Let's say I have a SKSpriteNode that represents a car wheel, with a circular SKPhysicsBody successfully attached to it. The genre would be sideways scrolling 2d car driving game/simulator, obviously.

What I want is to calculate all the in-motor physics myself without resorting to the SpriteKit physics engine quite yet. I'd like to keep full control on how the mechanics of the motor, clutch, transmission etc. are calculated, all the way to the RPM of the drive wheel.

From that point onwards, though, I'd happily give control to the SpriteKit physics engine, that would then calculate what happens, when the revolving drive wheel touces the surface of the road. The car advances, slows down, accelerates and/or the wheels slip, whatever the case might be.

Calculating the mechanics to get the wheel RPM is no problem. I'm just not sure on how to go on from there.

I'm able to rotate the wheel simply by applying zRotation in the update: method, like this:

self.rearWheelInstance.zRotation += (self.theCar.wheelRPS/6.283 * timeSinceLastUpdate); // revolutions / 2pi = radians

This way I'm able to apply the exact RPM I've calculated earlier. The obvious downside is, SpriteKit's physics engine is totally oblivious about this rotation. For all that it knows, the wheel teleports from one phase to the next, so it doesn't create friction with the road surface or any other interaction with other SpriteKit physicsBodies, for that matter.

On the other hand, I can apply torque to the wheel:

[self.rearWheelInstance.physicsBody applyTorque: someTorque];

or angular impulse:

[self.rearWheelInstance.physicsBody applyAngularImpulse: someAngularImpulse];

This does revolve the wheel in a fashion that SpriteKit physics engine understands, thus making it interact with its surroundings correctly.

But unless I'm missing something obvious, this considers the wheel as a 'free rolling object' independent of crankshaft, transmission or drive axel RPM. In reality, though, the wheel doesn't have the 'choice' to roll at any other RPM than what is transmitted through the drivetrain to the axel (unless the transmission is on neutral, the clutch pedal is down or the clutch is slipping, but those are whole another stories).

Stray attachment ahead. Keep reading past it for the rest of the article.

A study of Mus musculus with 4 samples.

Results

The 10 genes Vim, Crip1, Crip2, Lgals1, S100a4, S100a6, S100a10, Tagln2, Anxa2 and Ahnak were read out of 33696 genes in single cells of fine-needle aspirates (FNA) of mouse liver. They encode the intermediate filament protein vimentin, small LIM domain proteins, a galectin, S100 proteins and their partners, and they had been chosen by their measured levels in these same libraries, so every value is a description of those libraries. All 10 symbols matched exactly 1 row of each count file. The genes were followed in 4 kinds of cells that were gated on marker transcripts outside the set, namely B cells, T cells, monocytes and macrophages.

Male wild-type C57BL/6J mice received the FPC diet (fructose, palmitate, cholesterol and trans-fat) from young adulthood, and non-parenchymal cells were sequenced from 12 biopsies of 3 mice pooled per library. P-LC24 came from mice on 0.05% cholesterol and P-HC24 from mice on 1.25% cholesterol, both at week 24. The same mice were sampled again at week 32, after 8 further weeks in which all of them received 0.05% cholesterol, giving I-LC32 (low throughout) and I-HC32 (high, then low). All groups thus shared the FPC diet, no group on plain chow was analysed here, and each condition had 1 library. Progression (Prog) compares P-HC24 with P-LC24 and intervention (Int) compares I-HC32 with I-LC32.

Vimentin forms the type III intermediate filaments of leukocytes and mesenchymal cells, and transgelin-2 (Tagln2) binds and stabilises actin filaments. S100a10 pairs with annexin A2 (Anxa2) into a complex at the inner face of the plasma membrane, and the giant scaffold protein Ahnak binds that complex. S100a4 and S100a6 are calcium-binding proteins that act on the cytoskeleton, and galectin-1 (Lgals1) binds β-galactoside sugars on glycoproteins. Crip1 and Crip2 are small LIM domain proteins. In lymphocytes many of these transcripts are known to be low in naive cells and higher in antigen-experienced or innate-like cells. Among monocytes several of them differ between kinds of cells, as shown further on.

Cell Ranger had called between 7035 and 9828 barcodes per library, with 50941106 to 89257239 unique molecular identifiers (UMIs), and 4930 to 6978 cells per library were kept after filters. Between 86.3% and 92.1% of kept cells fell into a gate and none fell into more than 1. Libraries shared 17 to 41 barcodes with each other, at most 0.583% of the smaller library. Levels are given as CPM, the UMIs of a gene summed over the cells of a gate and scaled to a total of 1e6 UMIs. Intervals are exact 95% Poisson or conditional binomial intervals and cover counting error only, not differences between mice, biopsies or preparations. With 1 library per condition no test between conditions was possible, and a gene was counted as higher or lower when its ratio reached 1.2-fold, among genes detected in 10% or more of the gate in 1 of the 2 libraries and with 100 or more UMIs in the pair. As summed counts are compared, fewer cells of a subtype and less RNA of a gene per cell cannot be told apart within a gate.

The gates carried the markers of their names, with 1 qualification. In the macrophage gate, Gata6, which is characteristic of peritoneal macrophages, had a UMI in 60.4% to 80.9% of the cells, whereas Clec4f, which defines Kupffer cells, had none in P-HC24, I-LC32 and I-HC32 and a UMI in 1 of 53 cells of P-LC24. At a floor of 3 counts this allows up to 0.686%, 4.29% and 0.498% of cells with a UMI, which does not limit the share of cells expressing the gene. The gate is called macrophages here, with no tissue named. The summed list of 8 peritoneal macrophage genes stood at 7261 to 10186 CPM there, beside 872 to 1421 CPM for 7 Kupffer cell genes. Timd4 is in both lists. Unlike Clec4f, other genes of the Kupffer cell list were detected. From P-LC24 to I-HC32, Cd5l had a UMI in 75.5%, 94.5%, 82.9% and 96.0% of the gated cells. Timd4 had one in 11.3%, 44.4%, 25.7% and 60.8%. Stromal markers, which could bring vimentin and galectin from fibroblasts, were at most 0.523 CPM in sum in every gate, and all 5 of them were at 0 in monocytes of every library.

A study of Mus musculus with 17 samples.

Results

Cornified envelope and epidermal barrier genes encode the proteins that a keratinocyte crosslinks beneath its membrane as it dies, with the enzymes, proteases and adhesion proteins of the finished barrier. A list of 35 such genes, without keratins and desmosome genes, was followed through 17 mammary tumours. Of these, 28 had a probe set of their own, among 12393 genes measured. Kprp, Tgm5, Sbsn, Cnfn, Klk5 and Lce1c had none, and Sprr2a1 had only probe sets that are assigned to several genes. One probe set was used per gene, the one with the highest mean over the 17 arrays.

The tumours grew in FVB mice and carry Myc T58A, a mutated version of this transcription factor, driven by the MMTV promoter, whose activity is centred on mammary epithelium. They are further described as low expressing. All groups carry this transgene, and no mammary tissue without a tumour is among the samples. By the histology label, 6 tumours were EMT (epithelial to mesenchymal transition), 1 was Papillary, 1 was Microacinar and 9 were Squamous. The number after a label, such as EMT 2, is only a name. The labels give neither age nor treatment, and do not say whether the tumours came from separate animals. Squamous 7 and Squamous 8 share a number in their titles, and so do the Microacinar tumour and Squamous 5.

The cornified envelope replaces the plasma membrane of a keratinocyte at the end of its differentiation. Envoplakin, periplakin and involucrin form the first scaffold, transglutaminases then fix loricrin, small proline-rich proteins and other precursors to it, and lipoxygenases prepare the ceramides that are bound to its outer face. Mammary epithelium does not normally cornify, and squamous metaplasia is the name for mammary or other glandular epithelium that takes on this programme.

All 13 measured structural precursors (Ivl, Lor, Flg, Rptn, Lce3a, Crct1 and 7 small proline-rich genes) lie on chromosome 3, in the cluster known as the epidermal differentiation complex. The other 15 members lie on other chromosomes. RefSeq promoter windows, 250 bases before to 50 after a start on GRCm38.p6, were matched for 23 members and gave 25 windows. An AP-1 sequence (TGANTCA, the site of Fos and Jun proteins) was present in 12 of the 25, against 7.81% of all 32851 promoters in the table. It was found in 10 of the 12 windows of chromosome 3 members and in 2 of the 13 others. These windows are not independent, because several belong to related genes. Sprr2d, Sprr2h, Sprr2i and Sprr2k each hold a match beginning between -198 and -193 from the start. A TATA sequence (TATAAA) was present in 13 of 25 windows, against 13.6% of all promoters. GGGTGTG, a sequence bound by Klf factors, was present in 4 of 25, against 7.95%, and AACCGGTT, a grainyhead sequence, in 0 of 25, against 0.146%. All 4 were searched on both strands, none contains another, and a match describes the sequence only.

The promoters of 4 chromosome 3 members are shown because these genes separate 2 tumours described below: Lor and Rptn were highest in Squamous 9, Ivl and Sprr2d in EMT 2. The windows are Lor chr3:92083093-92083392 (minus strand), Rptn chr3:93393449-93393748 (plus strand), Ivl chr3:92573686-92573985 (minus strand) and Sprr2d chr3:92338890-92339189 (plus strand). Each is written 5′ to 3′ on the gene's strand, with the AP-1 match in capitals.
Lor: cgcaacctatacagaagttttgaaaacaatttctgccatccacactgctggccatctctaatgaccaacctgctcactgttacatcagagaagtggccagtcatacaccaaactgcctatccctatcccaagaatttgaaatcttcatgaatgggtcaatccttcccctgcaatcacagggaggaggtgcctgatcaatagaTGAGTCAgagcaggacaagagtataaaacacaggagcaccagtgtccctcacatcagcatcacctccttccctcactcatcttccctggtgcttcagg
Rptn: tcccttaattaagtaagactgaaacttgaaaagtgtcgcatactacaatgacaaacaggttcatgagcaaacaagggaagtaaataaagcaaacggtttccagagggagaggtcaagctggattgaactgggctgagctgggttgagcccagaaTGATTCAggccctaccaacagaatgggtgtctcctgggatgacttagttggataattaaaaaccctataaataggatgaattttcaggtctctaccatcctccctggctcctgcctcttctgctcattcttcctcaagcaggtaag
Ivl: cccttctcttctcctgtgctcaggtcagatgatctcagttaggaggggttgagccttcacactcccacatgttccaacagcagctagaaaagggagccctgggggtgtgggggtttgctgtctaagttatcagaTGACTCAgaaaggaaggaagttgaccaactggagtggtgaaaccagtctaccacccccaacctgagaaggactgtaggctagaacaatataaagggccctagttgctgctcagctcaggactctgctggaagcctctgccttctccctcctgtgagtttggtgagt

So: 1) Am I able to somehow manipulate zRotation in a way that the SpriteKit physics engine 'understands' as revolving movement?


2) Do I have a clear flaw in my logic that indicates that this isn't what I'm supposed to be trying in the first place? If so, could you be so kind as to point me to the flaw(s) so that I could adopt a better practice instead?


2 Answers 2


Simple answer, mixing 2d UI settings, like position and zRotation, with a dynamic physics system isn't going to have the results you want, as you noticed. As you state, you'll need to use the pieces of the physics simulation, like impulse and angular momentum.

The two pieces of the puzzle that may also help you are:

Physics Joints - these can do things like connect a wheel to an axel so that it can freely rotate, set limits on rotation, but still impart rotational forces on it.

Dynamically Adjusting Physics Properties - like increasing friction, angular dampening or adding negative acceleration to the axel as the user presses the brakes.

  • Thank you, I had the gut feeling this will be the case. I'm still pondering on the exact phase in which to give control to SK physics engine, and how to do it without losing the accuracy I'm after. Commented Aug 15, 2015 at 5:10

After quite a few dead ends I noticed there is in fact a way to directly manipulate the rotation of the wheel (as opposed to applying torque or impact) in a way that affects the physics engine accordingly.

The trick is to manipulate the angularVelocity property of the physicsBody of the wheel, like so:

self.rearWheelInstance.physicsBody.angularVelocity = -self.theCar.wheelRadPS; 
// Wheel's angular velocity, radians per second 
// *-1 just to flip ccw rotation to cw rotation 

This way I'm in direct control of the drive wheels' revolving speed without losing their ability to interact with other bodies in the SpriteKit physics simulation. This helped me over this particular obstacle, I hope it helps someone else, too.